The framework will ensure interoperability between the nation’s health systems and the VA.


The Department of Veterans Affairs is looking at new ways of simplifying access to patient records throughout its more than 170 medical centers and hundreds of clinics nationwide.

VA Undersecretary for Health Shereef Elnahal told an audience at the Office of the National Coordinator for Health Information Technology (ONC) Annual Meeting earlier this month that the scale of the health care industry necessitates VA’s participation in ONC’s Trusted Exchange Framework and Common Agreement (TEFCA). The framework, which just went live this month, provides a seamless transition of patient records between facilities.

“Patients aren’t tied to states, certainly veterans aren’t tied to states. So, of course, being a system where we take care of 9 million patients and operations in every U.S. state and territory, we absolutely need to leverage a national network to be able to transfer records back and forth,” Elnahal said at the event.

Elnahal said the VA is looking at early-stage companies to assist clinicians and mitigate burnout via its latest AI tech sprint. The sprint will be facilitated by the General Services Administration (GSA) to foster interagency collaboration by allowing the testing of products within VA systems and workflows. The agency is aiming to develop technology able to operate at scale.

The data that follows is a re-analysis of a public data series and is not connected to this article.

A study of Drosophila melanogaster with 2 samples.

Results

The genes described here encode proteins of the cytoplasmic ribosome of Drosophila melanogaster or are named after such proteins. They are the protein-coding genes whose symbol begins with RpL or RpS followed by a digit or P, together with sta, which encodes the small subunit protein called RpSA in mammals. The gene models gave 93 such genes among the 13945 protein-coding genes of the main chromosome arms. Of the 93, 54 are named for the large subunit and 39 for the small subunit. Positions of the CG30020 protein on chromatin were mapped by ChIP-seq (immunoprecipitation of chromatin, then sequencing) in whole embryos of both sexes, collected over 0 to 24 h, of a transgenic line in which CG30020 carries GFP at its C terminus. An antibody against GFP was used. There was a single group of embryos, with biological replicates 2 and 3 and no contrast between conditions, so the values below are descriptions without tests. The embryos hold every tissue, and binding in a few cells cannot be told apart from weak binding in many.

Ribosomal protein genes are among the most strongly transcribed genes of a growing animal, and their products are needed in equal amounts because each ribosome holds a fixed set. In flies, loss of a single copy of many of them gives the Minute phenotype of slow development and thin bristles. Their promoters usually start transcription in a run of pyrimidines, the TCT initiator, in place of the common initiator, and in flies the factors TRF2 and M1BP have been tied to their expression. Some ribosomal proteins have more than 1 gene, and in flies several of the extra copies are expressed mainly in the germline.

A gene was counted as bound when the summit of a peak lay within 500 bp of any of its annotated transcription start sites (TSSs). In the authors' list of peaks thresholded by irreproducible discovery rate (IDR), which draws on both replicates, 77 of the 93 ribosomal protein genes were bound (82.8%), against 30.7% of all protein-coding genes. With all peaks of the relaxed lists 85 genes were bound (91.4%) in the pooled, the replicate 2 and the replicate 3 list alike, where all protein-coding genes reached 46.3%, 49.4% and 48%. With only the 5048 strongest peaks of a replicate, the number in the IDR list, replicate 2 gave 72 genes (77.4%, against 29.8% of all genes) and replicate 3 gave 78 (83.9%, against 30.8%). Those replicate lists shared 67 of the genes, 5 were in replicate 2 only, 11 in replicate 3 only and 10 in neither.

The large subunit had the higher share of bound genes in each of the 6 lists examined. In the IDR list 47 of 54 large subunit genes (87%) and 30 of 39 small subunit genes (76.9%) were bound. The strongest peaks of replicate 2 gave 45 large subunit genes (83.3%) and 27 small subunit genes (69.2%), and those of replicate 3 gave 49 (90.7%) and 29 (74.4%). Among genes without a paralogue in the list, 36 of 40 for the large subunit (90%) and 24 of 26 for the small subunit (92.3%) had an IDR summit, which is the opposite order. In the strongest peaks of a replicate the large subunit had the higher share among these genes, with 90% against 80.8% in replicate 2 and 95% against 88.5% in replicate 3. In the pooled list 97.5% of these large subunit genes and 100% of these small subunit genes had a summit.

TEFCA could also play a major role in the EHR modernization program, as Elnehal expressed a desire to one day “[get] away from the fact that the American health care industry is still the only sector that hands you a clipboard routinely when you come in.” Elnahal said TEFCA could help cancel millions of dollars in outdated contracts relying on physical records.

Although TEFCA is now live, there’s a lot of work ahead. According to ONC, about 30% of U.S. hospitals still don’t connect to a health information network.

ONC is collaborating across government agencies such as at the Centers for Disease Control and Prevention (CDC) to launch the first state and local production sites for key use cases like electronic case reporting in the first half of 2024.

At the VA, Elnahal has his eyes set on giving clinicians “exceptionally valuable” information about the veterans they are treating with TEFCA, so that they can better respond to mental health issues, treat conditions like PTSD and better prevent veteran suicide.

“The most important thing that we can execute on in the next 12 months is the capability for any clinician in any health system who’s connected to TEFCA and connected to us through interoperability to know they are in front of a veteran when they’re in that encounter,” Elnahal said.